Education Ministry bumps professor from post for criticizing 'superficial' teaching of Holocaust
The Education Ministry has removed Prof. Hanna Yablonka of Ben-Gurion University of the Negev from her post as chair of the experts committee on the subject of history. Yablonka had voiced criticism in recent months of ministry policy on how history is taught in schools.
Ministry sources say Yablonka's public criticism was the main reason for her being removed as committee chair. The decision was made by the head of the ministry's Pedagogical Secretariat, Zvi Zameret.
Yablonka refused to comment on the circumstances of her removal but said: "I stand behind the things I have said. To date, there has been no serious discussion of the problems I raised."
The ministry said simply that "the professor's tenure has ended."
At the ministry, along with various officials in charge of subjects being taught, there are committees of experts, or professional committees, which include senior academic figures, veteran teachers and representatives from the teaching colleges. Their main role is to support and advise ministry officials on professional decisions, like what subjects deserve emphasis in the various disciplines, identifying pedagogic problems, problems in teaching of particular subjects, etc.
Yablonka, one of the leading historians in Israel, lectures in the History of Israel Department at Ben-Gurion University and specializes in the study of the Holocaust and Israeli society. She is being replaced as head of the committee by Dr. Simcha Goldin, of Tel Aviv University. He specializes in Ashkenazi Jewry of the Middle Ages.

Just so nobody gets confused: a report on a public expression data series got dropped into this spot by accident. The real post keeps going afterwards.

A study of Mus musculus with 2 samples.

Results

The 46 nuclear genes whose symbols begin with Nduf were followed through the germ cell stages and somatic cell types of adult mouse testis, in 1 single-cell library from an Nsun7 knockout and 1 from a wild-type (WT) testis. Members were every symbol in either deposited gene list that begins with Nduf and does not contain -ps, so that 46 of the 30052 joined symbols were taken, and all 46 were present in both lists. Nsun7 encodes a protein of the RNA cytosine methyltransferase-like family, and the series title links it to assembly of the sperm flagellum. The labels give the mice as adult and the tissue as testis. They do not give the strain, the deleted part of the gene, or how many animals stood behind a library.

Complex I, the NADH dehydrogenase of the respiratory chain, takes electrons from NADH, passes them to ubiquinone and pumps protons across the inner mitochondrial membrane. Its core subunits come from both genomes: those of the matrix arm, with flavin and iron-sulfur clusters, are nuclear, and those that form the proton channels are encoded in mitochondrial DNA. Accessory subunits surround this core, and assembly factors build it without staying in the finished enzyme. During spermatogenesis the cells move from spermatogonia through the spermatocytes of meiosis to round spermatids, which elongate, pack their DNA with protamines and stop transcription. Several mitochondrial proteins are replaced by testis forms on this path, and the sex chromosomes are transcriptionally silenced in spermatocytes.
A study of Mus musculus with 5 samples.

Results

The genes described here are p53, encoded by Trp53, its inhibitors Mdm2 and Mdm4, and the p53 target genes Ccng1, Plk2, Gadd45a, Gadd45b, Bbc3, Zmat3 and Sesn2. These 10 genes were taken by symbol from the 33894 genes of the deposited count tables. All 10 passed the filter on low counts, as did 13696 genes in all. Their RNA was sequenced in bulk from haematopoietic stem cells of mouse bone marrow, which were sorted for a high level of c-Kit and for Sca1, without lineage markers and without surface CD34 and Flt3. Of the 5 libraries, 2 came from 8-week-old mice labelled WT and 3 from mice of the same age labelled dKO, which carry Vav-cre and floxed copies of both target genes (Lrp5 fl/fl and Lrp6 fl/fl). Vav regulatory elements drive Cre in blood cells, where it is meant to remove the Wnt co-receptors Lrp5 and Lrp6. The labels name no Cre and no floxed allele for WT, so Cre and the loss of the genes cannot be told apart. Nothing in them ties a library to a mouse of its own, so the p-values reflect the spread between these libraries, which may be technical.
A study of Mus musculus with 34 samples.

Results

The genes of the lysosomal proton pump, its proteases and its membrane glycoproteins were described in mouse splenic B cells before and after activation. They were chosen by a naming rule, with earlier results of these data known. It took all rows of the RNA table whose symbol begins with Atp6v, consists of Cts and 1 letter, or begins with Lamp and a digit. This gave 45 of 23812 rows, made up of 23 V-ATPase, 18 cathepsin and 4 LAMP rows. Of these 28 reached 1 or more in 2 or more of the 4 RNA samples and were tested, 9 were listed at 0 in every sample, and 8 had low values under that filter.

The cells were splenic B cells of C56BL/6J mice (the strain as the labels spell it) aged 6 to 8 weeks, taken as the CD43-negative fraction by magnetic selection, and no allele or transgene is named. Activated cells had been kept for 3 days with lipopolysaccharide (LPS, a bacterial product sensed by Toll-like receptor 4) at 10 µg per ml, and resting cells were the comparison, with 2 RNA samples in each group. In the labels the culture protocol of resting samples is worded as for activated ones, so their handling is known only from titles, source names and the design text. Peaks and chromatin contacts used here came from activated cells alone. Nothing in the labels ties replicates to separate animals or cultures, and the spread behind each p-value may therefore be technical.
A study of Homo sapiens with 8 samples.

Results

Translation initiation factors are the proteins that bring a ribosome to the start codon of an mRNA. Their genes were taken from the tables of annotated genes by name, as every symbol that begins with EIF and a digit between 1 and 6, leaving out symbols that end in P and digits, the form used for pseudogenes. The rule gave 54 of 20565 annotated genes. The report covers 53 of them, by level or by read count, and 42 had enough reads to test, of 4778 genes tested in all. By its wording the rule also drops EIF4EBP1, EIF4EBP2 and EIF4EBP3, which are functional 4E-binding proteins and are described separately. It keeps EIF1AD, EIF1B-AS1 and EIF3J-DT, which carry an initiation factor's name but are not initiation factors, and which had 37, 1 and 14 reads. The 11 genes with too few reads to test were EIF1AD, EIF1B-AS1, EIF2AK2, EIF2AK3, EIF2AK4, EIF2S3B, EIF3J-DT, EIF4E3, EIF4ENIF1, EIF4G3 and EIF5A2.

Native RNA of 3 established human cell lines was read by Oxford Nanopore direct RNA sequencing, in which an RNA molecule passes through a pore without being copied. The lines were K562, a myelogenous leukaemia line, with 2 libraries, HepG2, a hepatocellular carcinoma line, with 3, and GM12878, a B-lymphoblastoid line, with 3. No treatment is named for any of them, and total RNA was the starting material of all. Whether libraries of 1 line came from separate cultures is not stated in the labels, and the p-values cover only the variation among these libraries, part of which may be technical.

In an interview to Haaretz four months ago, Yablonka said that the Education Ministry has held nearly no discussion on the goals of teaching history, and that the subject is suffering from chronic lack of teaching time, and that is leading to a very superficial exposure to the subject.
Yablonka also was critical of what she believed was a mistaken emphasis given in the teaching of the Holocaust as part of the history curriculum in schools.
The article in Haaretz made ripples at the ministry and beyond. "It was clear that the heads of the ministry would remove her from her position at the first opportunity," a source who had worked with Yablonka told Haaretz. "She tried to lead a more critical approach,; however, at this time, there's no willingness to listen to views that diverge from the official line," the source said.
Sources close to Yablonka said yesterday that "the State of Israel is passing through a process of becoming inured, which finds expression not only at the Ministry of Education. History and education are our only strategic assets but there is no systemic approach to the subject. Education Minister Gideon Sa'ar sets the educational agenda and he is interested more in stories about forefathers that will be taught in the coming year."
Yablonka had charged in an interview in Haaretz that Sa'ar is only interested in getting his name in the paper, and that there is no organized, methodical study of history.